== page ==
Constantly wearing a watch that matches with your clothing can quickly turn out to be an expensive idea.
Hopefully, we, android developer, do not have that kind of problems, as we only need an Android Wear watch and some free time, so we can develop our own watch faces.
In this blog post, I will tell you how I created a watch face from a hoodie, during an initially boring evening at home.
Please note this is not a step-by-step tutorial, but more likely a “making-of”. If you’re interested in knowing how to build watch faces from scratch, follow the official watchface codelab.
It all started a week ago, when my eyes landed on a sweatshirt that I immediately decided to buy.
I actually liked it so much (don’t judge me, taste is subjective) that I started creating a watch face inspired from it.
Where to start?
Sadly, I am a very bad graphic designer (objectively, this time) and drawing the shape by hand would take me years. The fastest and easiest solution for me was to take a picture of the hoodie and use GIMP’s fuzzy select (magic wand) to cut it, then resize it, color it to white, and save it.
Once the shape is exported to a file with transparent background, displaying the bitmap on the watch screen was easy:
Ok, now how to display the time?
I came across multiple ways to display the time, but all those made the watch face ugly:
First, the “I-have-no-imagination-at-all” solution, which consists in placing watch hands over the background image.
I tried experimenting with other solutions, as seen below:
Finally, a single arc, to show the time
The previous solutions were not respecting the original hoodie design, which only has a single outer circle.
So I was thinking how we could display the time in a readable manner, using a single outer circle.
A way to achieve that is to draw a clockwise arc, starting from the usual hours-hand rotation to the minutes-hand rotation.
Let’s say it’s 10:30, so I draw a clockwise arc (via Canvas#drawArc) from 10’o clock to 30 minutes
It gives the watch a unique look (as people don’t usually know how to tell the time there), and respects the hoodie design.
Also, once you are used to, you can tell the time very quickly.
Put some gold in your eyes
The hoodie is gold on black, so I’ll need a gold texture:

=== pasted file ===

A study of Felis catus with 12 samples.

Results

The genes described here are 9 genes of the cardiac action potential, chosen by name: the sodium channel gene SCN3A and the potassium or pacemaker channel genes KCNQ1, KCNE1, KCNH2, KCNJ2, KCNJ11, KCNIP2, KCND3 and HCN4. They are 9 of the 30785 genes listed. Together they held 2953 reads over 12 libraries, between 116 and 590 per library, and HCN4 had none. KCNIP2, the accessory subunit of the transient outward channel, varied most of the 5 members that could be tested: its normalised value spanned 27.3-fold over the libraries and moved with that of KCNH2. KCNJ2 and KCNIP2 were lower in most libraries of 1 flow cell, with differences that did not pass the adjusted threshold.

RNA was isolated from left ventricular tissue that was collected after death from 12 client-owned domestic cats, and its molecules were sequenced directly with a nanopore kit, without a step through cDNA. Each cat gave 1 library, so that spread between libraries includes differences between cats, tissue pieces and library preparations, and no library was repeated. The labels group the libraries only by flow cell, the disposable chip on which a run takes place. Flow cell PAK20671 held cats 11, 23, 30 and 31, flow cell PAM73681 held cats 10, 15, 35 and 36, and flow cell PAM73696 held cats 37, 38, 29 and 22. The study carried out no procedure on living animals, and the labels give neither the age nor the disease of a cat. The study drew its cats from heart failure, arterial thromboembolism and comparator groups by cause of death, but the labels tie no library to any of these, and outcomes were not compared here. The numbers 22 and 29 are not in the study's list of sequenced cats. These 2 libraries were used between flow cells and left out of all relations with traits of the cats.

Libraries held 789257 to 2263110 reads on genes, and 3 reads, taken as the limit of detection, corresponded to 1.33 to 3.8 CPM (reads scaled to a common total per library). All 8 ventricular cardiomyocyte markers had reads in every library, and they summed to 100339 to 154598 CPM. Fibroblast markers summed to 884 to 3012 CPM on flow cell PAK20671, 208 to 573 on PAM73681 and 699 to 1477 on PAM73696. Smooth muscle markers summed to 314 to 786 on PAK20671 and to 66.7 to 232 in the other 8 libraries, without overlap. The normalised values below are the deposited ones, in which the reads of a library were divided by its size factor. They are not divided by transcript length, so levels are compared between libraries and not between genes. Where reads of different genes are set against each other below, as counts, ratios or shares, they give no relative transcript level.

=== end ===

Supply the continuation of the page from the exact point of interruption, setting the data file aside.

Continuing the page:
Then, I can use apply this texture on my bitmap programmatically via PorterDuff XferMode
I will also apply this texture on my Paint object (so the time-arc will be in gold too) via a Shader
When the watch is not used, the watch face goes into an ambient mode, a “battery-saver” mode where most of the pixels are black (so they are turned off, on an AMOLED screen).
There are many ways to create an ambient mode. To me, a watch face does not have to be especially pretty in ambient mode (as you won’t need it to look at it), but it should obviously still display the time.
So I decided not to draw the lion shape, and use a different Paint object on ambient mode (white color, no shaders, thinner stroke width)
You can see the ambient mode is very minimalist, that way, it does not consume that much battery, and we can still tell the time
I created this watch face only for myself.
I am not planning to release it publicly, as I am not the author of the original design.
The complete source code (using a different bitmap) is available at github.com/Nilhcem/hoodie-androidwear
Learning how to develop watch faces for Android wear is fun and rewarding.
It gives us a fast feeling of accomplishment, as we’ll only need to spend a few hours/days for a nice watch face, while creating a nice mobile app takes usually longer than that.
Also, learning how to develop watch faces for Android Wear can also make you become a better Android developer, as you’ll play with some concepts you can reuse in your apps. After a few days, you’ll probably become a Path / Canvas / Custom Views expert.